CPR is used when a person has stopped breathing and/or their heart has stopped beating. The sudden cardiac arrest victim will be unresponsive and unconscious and needs a bystander to act immediately by initiating CPR. Chest compressions and mouth to mouth rescue breaths manually pump oxygenated blood throughout the body to protect the brain and vital organs until a normal heart rhythm can be restored, usually through the use of an AED. Anyone
can be a life saver, please consider getting CPR certified today!


Sudden cardiac arrest is the leading cause of death

in adults over 40 in the U.S.


SUDDEN CARDIAC ARREST occurs when the heart suddenly stops beating which compromises blood flow to the brain and vital organs. Initiating CPR within minutes can be the difference between life and death! Sadly less than 30% of
out of hospital cardiac arrests receive bystander CPR. By performing CPR you have the opportunity to triple the victims chance of survival. In three out of four cases the victim will be your loved one. Many times sudden cardiac arrest victims seem perfectly healthy with no history of heart disease or any other risk factor. Someone can stop breathing and/or
be in cardiac arrest from the result of structural or electrical disorders in the heart, heart attacks, severe allergic reactions, ingesting drugs or chemicals, near drowning, strokes, chocking, a tramatic injury, severe electrocution,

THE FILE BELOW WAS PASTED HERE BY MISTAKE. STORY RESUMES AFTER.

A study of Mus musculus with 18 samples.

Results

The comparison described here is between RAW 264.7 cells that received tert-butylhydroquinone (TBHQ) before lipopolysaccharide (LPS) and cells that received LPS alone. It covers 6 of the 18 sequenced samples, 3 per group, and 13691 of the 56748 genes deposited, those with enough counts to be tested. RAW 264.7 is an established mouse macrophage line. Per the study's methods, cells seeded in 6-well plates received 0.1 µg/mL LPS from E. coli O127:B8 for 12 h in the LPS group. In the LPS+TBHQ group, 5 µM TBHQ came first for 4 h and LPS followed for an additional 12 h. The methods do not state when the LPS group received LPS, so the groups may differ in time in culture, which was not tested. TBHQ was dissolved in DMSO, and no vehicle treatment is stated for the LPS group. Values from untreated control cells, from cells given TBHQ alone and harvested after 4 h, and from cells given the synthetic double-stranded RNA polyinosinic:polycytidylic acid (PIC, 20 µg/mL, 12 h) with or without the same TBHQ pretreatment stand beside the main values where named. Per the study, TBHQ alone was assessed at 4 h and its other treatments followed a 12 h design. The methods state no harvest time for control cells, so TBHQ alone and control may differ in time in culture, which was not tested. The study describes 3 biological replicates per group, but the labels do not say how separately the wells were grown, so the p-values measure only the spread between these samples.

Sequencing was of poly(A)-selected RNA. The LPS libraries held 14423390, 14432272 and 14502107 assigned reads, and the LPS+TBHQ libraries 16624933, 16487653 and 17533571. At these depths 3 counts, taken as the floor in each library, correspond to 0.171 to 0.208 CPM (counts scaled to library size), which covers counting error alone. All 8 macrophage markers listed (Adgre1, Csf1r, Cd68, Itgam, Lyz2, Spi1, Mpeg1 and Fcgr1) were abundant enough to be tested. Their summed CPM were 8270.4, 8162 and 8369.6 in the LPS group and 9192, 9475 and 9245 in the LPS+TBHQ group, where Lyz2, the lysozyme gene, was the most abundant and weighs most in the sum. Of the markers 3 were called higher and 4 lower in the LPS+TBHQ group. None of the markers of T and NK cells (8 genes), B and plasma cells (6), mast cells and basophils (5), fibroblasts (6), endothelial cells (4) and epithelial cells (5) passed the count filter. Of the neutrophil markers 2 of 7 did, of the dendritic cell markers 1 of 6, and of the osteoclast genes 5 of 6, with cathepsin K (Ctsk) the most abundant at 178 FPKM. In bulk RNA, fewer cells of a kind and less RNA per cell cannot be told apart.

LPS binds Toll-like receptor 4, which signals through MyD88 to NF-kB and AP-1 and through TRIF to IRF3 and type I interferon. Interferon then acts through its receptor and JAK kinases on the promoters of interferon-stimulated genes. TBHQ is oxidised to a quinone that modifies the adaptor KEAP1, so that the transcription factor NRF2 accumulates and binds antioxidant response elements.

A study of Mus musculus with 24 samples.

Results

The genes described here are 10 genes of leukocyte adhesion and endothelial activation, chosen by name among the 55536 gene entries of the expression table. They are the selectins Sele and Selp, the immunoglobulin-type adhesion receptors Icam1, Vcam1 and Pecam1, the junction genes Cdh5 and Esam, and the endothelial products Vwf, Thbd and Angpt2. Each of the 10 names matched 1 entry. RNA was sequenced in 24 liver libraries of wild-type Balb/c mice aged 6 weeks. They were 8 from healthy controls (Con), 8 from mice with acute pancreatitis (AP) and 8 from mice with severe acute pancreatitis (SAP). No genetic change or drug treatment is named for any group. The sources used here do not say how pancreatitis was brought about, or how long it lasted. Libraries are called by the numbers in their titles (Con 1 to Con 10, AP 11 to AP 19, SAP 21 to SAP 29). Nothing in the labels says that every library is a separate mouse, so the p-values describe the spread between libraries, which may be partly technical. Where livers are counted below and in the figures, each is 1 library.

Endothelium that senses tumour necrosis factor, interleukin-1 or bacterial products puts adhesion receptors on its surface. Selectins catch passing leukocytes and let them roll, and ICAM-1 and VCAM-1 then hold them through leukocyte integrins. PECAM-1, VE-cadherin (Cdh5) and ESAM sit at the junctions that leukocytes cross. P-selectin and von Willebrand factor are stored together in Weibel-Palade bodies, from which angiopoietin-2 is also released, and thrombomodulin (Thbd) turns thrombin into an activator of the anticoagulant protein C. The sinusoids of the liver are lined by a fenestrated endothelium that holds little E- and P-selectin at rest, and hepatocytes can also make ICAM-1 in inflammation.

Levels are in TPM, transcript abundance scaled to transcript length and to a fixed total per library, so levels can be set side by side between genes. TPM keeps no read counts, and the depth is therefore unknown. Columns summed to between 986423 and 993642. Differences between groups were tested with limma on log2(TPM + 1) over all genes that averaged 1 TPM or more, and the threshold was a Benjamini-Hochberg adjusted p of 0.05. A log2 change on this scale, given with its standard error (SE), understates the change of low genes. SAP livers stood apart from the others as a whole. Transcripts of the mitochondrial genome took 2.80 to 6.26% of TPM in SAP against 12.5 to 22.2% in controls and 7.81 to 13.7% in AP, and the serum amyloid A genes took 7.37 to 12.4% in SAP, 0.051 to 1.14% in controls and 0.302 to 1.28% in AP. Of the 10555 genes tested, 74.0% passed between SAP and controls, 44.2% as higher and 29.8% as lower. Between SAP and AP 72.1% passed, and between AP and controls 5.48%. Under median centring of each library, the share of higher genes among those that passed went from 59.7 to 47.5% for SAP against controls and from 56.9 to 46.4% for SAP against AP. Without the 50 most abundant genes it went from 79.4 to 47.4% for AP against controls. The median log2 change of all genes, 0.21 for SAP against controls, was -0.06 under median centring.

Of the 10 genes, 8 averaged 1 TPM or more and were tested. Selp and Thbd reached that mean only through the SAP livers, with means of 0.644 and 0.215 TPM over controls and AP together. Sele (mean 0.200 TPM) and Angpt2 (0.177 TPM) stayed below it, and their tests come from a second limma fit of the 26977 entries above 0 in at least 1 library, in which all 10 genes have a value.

serious infection etc.


Over 320,000 out-of-hospital sudden cardiac arrests occur annually.

Sudden cardiac arrest is not the same as a heart attack. A HEART ATTACK occurs when blood flow to part of the heart muscle is blocked, usually due to a build up of plaque in the coronary arteries.


About CPR

An AUTOMATED EXTERNAL DEFIBRILLATOR (AED) is safe and easy to use. An AED is a voice prompted device that sends an electric shock to the heart, attempting to restore the hearts normal rhythm. This device will only deliver a shock if it is necessary. You simply open the AED and it will talk you through step by step instructions.  


Recommendations for CPR include:

• Check responsiveness

• Get help

• Call 9-1-1 and send someone to grab the AED

• Remember CAB: Compression, Airway, Breathing


Compressions: Push hard and fast on the center of the victims chest. If you are NOT trained in CPR, perform chest compressions at a rate of 100-120 compressions per minute ( to the beat of staying alive) until signs of movement or the emergency medical team arrives.


If you are CPR trained, provide 30 chest compressions. Check the unresponsive victims airway
and continue with 2 rescue breaths if necessary (30 compressions : 2 breaths).


Airway: Head tilt, chin lift to open the airway


Breathing: give mouth to mouth rescue breaths


Continue CPR until the emergency medical team arrives.


Although BOTH compressions and rescue breaths are still considered to be the most effective method when initiating CPR
in children in sudden cardiac arrest (30 compressions to 2 breaths), Hands- Only CPR (with just chest compressions, at a rate of 100 -120 compressions per minute) has been proven to be just as effective as CPR with breaths in the treatment
of adults in cardiac arrest. 


Contact us, your local Fire Department, the Red Cross or the American Heart Association to become CPR certified.